Sometimes, when you’re the supposed better team, it’s understandable to not really take into account your opposition’s strengths as you plan for a game.

You hope that your team’s ability will be more than enough to earn a victory regardless of what the opposition does.

Liverpool aren’t good enough for that yet, or at least the Liverpool we’ve seen since Christmas aren’t, so what happened in the build-up to the game at Leicester simply has to be questioned.

The champions have been absolutely terrible all season. The only time they really looked like the team that stunned the football world last season was when they hammered Manchester City at home, a City side that turned up and played a high line.

Almost every other team has been happy to play deeper and nullify the pace of Jamie Vardy over the top and make a limited side break them down in other ways.

So why on Earth do Liverpool rock up to the King Power stadium with a high line? It’s simply inexcusable.


Sometimes as a fan and observer, I find myself thinking that something is so obvious that I question if I’m missing something, but in this case, I’m certain I haven’t.

16 days. 16 days to find a plan and we saw that?! Unbelievable.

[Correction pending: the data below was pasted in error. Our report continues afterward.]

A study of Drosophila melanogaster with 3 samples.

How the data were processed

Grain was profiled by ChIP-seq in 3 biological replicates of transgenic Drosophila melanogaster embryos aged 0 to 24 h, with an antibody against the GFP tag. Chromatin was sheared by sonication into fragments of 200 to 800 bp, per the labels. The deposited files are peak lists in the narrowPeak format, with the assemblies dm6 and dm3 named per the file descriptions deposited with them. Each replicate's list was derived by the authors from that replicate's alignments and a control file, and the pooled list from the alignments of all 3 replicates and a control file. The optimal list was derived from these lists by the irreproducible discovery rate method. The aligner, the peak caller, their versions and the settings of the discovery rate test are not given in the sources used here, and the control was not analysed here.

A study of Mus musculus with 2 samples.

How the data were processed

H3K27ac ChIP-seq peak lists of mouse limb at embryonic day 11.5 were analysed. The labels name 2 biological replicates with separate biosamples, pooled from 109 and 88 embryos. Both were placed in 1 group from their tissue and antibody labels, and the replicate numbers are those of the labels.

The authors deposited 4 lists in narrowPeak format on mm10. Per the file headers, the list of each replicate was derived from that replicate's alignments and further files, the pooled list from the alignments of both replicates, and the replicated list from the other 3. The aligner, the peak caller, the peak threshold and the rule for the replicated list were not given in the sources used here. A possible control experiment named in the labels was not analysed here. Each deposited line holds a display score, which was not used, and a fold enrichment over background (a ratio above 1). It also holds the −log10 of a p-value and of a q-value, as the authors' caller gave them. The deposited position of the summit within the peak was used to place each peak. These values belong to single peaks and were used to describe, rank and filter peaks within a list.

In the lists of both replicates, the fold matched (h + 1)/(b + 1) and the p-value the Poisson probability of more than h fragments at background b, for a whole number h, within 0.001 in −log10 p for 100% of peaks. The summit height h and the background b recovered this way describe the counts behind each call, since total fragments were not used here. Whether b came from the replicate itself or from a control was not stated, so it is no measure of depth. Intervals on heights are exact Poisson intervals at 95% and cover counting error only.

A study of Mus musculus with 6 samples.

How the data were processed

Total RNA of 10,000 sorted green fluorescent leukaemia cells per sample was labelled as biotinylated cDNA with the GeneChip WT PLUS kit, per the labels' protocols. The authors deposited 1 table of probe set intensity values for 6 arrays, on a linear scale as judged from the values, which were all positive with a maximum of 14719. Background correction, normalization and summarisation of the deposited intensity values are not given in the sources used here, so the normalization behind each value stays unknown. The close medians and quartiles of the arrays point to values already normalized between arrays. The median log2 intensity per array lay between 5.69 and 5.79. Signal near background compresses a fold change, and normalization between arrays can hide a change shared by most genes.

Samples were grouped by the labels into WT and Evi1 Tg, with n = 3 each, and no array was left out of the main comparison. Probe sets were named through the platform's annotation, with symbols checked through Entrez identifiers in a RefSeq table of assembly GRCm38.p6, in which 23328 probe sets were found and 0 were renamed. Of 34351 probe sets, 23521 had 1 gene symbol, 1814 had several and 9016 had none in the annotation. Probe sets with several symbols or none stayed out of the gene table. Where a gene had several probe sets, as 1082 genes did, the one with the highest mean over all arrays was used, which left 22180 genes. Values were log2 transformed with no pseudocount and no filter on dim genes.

That’s not even the worst part, there’s more. It was decided somewhere and somehow that Lucas was going to play centre back. I understand that there is an injury to Dejan Lovren and that Lucas did well against Tottenham but it’s still an odd choice when Ragnar Klavan and Joe Gomez are in the squad. However, the choice was (wrongly) made to put Lucas in, so maybe that means we’ll play in a way that can help him out a bit?

Nope.

Liverpool had Lucas, who has only just turned 30 but runs like a 40-year-old, playing high up the pitch against the pace Vardy? Whose plan is that? How is that deemed to be a good idea? It’s absurd.


Did nobody learn from that? Did nobody stop to think that Lucas and James Milner probably won’t be able to catch Vardy?

Evidently not.

Vardy opened the scoring by getting in behind and he had numerous other chances too. If not for a few over hit passes and some decent goalkeeping from Simon Mignolet who was quickly off his line a few times, Vardy would have scored more.

I understand that the second goal was a worldie and that can happen but Liverpool’s tactics had made things so easy for Leicester that they were full of confidence. When you’re facing a relegation-threatened side, you want to make it difficult, get them and their crowd feeling nervous. You don’t even have to play that well, you just have to make it tough for them.


You can lose football matches, in fact, you will lose football matches. However, you’ve got to give yourself the best chance to win and against Leicester, Liverpool pretty much committed Harry Carry with their set up.

That’s not acceptable. The manager got it wrong and so did his staff. They must learn from this.

Leicester have beaten Liverpool twice in two games at the King Power Stadium and it’s very concerning that the tactics employed in both games were, despite personnel changes, very similar.

To me, that highlights either overconfidence in the ability of the team or poor planning and an inability to learn from mistakes.

Either way, it simply isn’t good enough.